Jewish journalist shaking with rage at Gary Lineker after she called him out | UK | News


Match of the Day presenter Gary Lineker left a Jewish journalist shaking with rage after she confronted him over the time he reposted a tweet calling for Israel to be banned from international football.

The BBC host was told his social media posts on X made him appear like an “antisemite” – and he was asked to explain how his foray into the discourse around the Israel-Hamas war avoided breaching the broadcaster’s new social media guidelines, according to a first-hand account published in the Jewish Chronicle.

Reporter Nicole Lampert told the former England goalscorer that she “thought he was behaving like an antisemite. His X feed only showed one side of the issue. He’d never once condemned Hamas on X or sent a message about the hostages.”

She told the broadcaster: “I’m thinking about the women hostages who are probably still being raped.”

Mr Lineker, who has fronted BBC sport’s programme’s for more than 20 years, retorted: “I’m thinking about the babies being killed. I just want peace.”

Earlier, at the Broadcasting Press Guild lunch, Ms Lampert had quizzed Mr Lineker on how his reposting of a tweet calling for the banning of Israel from international football was allowed within the BBC‘s new social media guidelines.

Mr Lineker had reposted a tweet from the Palestinian Campaign for the Academic and Cultural Boycott of Israel, demanding the country be prevented from taking to the pitch in internationals.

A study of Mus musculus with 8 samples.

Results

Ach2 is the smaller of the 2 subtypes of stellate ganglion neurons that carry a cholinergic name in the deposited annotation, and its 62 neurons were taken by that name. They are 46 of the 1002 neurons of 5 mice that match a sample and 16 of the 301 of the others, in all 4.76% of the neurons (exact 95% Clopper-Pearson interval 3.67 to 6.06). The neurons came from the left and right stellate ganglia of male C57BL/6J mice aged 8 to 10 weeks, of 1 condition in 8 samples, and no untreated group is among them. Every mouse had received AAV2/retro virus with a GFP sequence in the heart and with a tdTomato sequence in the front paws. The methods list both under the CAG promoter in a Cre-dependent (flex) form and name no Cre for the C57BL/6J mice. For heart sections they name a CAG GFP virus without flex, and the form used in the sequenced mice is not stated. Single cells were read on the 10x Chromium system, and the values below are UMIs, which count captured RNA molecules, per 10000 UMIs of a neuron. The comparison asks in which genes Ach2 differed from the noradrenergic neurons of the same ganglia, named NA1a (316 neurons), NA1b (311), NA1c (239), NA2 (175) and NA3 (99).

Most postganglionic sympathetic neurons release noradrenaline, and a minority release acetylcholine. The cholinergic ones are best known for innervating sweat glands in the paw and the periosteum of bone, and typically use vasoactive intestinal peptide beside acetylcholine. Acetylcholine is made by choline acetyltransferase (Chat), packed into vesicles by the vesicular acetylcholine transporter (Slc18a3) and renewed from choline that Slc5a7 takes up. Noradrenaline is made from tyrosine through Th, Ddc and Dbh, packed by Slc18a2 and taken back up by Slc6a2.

On X, the organisation wrote: “The Palestinian Football Association calls on @iocmedia, @FIFAcom and all regional and int’l sports bodies to take an urgent stance on Israel’s grave violations of human rights and subject it to legal accountability measures.”

Putting it to Mr Lineker that he had broken the new social media guidelines with his repost, the former Leicester City striker said that the message he shared on X was actually a news story.

Ms Lampert insisted that under the new BBC social media guidelines, Mr Lineker had either fallen foul of his duty to neutrality or he had wrongly thought the X message was a news story, in which case he had broken the rules for not reading the tweet before sending it.

Mr Lineker has since removed his repost, while Ms Lampert later wrote of her experience chatting to him: “I’m still shaking a bit as I write this. It is not often you are offered the chance to come face to face with someone as well known, as loved and reviled as one of the BBC’s biggest stars. Someone whose actions you and many of your community have found personally painful.”

But she admitted that she did have “respect” for the 63-year-old presenter, adding: “Even as we were angrily exchanging words, people tried to drag him away and he insisted on talking to me. I do respect that.”

Ms Lampert wasn’t the only prominent journalist to hold Mr Lineker to account, albeit others did so online.

Editor of the Jewish Chronicle, Jake Wallis Simons, blasted the BBC presenter over the reposting, saying: “Gary Lineker has retweeted a call for Israel to be barred from international football. Could this be the same Lineker who pocketed £1.6million from Qatar? And covered the World Cup there? Why, yes. Yes, it is.”